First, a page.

Google has kicked off its Android One programme aimed at making better, more standardised low-cost smartphones.
While Android is big in emerging markets, that doesn't mean Google is reaping all the benefit of building it; many manufacturers in developing economies use the basic AOSP version of its smartphone operating system rather than the GMS version, which includes Google's services layer.
This means Google doesn't get new customers for its services such as Maps or Gmail (one of the big reasons behind the existence of Android in the first place). And, at least in Google's view, users also run the risk of having a bad experience with the operating system.
Android One offers manufacturers a leg up with the launch of hardware reference designs, which means they don't have to reinvent the wheel with every new handset. But in exchange they'll be using a stock version of Android with such as Google Play bundled in, with Google delivering automatic operating system updates to customers itself.
It's a good way for Google to regain control over the low-end smartphone market and improve its chances of switching the next billion customers onto its services, and making sure they view the advertising Google sells.
One big question is whether Google should take a tighter grip on Android in developed markets too. If by taking more control Google could, for example, get operating systems upgrades out to users faster, few would complain. As it is, it can be something of a mystery as to when – if ever – some Android devices get updated.
Take Android 4.4 KitKat, for example. The OS was released at the end of October last year, but is currently only installed on 24.5 percent of the smartphones and tablets that run Android. And that number comes from Google's analysis of devices accessing the Google Play store over a seven-day period; there are plenty of Android-powered devices that never go anywhere near Play, so KitKat's share of the total Android universe may be lower.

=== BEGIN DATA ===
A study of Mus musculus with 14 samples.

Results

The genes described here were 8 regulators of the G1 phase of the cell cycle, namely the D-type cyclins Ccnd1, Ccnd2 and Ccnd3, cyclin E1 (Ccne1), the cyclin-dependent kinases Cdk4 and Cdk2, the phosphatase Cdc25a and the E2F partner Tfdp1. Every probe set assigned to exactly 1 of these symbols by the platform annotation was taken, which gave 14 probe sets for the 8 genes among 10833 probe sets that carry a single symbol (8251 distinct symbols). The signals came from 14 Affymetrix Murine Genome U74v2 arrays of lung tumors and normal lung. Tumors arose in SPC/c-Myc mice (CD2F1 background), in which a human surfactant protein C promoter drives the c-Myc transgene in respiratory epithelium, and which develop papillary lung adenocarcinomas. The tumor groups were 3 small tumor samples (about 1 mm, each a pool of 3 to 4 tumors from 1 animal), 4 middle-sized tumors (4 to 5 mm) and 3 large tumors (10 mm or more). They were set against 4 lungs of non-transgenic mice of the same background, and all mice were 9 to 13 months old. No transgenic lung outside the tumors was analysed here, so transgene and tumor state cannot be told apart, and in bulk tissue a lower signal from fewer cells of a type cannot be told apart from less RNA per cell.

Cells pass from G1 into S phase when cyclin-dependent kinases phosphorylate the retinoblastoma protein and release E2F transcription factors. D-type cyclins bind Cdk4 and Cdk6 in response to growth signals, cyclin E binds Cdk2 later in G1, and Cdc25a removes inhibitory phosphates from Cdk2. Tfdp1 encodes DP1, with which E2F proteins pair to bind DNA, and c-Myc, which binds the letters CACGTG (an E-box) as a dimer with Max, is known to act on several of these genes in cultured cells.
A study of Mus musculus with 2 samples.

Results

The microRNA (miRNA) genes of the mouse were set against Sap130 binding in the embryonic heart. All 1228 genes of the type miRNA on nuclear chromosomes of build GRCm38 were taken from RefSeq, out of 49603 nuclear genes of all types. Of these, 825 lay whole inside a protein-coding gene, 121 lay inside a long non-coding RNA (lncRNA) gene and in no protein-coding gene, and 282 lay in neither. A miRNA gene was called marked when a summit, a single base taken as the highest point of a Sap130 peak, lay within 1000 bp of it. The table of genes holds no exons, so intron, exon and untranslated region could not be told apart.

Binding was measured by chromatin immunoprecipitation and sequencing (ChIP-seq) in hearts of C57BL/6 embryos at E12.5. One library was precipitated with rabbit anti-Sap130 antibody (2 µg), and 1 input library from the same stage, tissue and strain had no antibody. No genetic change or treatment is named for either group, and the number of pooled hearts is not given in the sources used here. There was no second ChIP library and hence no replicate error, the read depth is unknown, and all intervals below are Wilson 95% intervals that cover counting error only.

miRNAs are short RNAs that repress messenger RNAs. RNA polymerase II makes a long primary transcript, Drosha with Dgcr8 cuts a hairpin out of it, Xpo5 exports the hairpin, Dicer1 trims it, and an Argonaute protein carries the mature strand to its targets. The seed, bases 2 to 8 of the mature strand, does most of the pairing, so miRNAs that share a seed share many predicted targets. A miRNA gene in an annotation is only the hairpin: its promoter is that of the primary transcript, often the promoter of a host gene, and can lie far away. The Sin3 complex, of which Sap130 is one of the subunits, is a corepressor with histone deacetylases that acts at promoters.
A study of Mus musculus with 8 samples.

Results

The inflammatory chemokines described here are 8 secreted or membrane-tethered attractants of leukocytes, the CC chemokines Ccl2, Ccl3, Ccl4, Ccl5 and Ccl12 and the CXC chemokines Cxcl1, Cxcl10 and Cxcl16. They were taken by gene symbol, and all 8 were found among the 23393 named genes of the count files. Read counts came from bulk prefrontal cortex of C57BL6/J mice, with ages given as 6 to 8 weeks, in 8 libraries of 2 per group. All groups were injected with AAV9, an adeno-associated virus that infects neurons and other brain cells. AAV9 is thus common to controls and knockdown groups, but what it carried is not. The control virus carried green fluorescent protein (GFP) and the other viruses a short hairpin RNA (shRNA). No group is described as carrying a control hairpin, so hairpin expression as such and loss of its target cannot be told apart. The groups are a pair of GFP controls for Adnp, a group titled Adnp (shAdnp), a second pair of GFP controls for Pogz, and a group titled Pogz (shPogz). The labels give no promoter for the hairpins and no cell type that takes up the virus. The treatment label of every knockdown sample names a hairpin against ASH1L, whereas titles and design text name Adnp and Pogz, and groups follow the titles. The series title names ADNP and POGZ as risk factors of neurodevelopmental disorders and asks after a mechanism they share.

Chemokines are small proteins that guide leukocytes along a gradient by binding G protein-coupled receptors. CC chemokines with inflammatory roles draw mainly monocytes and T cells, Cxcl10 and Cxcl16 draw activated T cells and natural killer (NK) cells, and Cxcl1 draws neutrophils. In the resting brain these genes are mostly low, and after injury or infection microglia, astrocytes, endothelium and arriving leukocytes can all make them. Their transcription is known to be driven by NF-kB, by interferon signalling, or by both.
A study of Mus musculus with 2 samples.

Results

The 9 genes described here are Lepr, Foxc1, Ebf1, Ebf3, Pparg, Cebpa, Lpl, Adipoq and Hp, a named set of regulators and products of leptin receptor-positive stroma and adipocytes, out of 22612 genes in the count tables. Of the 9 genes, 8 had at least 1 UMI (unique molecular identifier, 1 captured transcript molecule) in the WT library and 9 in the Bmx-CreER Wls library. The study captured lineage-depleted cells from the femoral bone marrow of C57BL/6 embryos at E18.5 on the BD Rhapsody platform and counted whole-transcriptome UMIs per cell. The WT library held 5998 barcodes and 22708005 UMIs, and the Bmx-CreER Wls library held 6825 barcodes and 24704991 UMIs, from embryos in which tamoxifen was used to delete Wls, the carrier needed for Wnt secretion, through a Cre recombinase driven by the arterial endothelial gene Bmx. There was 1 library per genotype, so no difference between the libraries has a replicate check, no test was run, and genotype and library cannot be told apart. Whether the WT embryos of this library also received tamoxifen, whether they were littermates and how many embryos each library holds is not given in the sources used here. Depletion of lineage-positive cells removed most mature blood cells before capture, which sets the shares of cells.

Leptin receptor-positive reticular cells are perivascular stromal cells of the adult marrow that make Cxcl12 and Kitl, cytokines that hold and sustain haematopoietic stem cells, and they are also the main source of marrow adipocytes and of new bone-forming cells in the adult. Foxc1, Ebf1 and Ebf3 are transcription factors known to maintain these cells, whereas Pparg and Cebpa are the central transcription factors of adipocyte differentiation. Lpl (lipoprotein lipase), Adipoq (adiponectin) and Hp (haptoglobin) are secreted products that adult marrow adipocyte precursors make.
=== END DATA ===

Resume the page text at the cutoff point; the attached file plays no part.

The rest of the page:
Variants of Jelly Bean, the release before KitKat, still account for just over half of all Android devices, despite being released in 2012. Even older versions of the operating system hold about a 21 percent share between them.
That level of fragmentation makes it harder for developers to create new apps and harder for users to get the best from their devices, compared to iOS where Apple has kept much greater control over operating system updates and makes sure that the vast majority of customers run the latest operating system weeks after it comes out.
If Google could make the update process smoother and more standardised, it would make Android more attractive.
Similarly, stocking Android without the bloat could find many converts, especially if the price is right; how many vendor or carrier-specific additions to your smartphone software do you really find useful? How much is just junk?
As such, the problems that Google is trying to solve at the low-end of the market also exist at the high end too, although tackling them (and the complicated relationship with manufacturers and mobile operators) is a lot more complicated that offering some reference designs.
Still, the first Android One devices are only just rolling of the production line, but it may not be long before these phones aimed at consumers in emerging markets are being viewed enviously by those in more mature ones.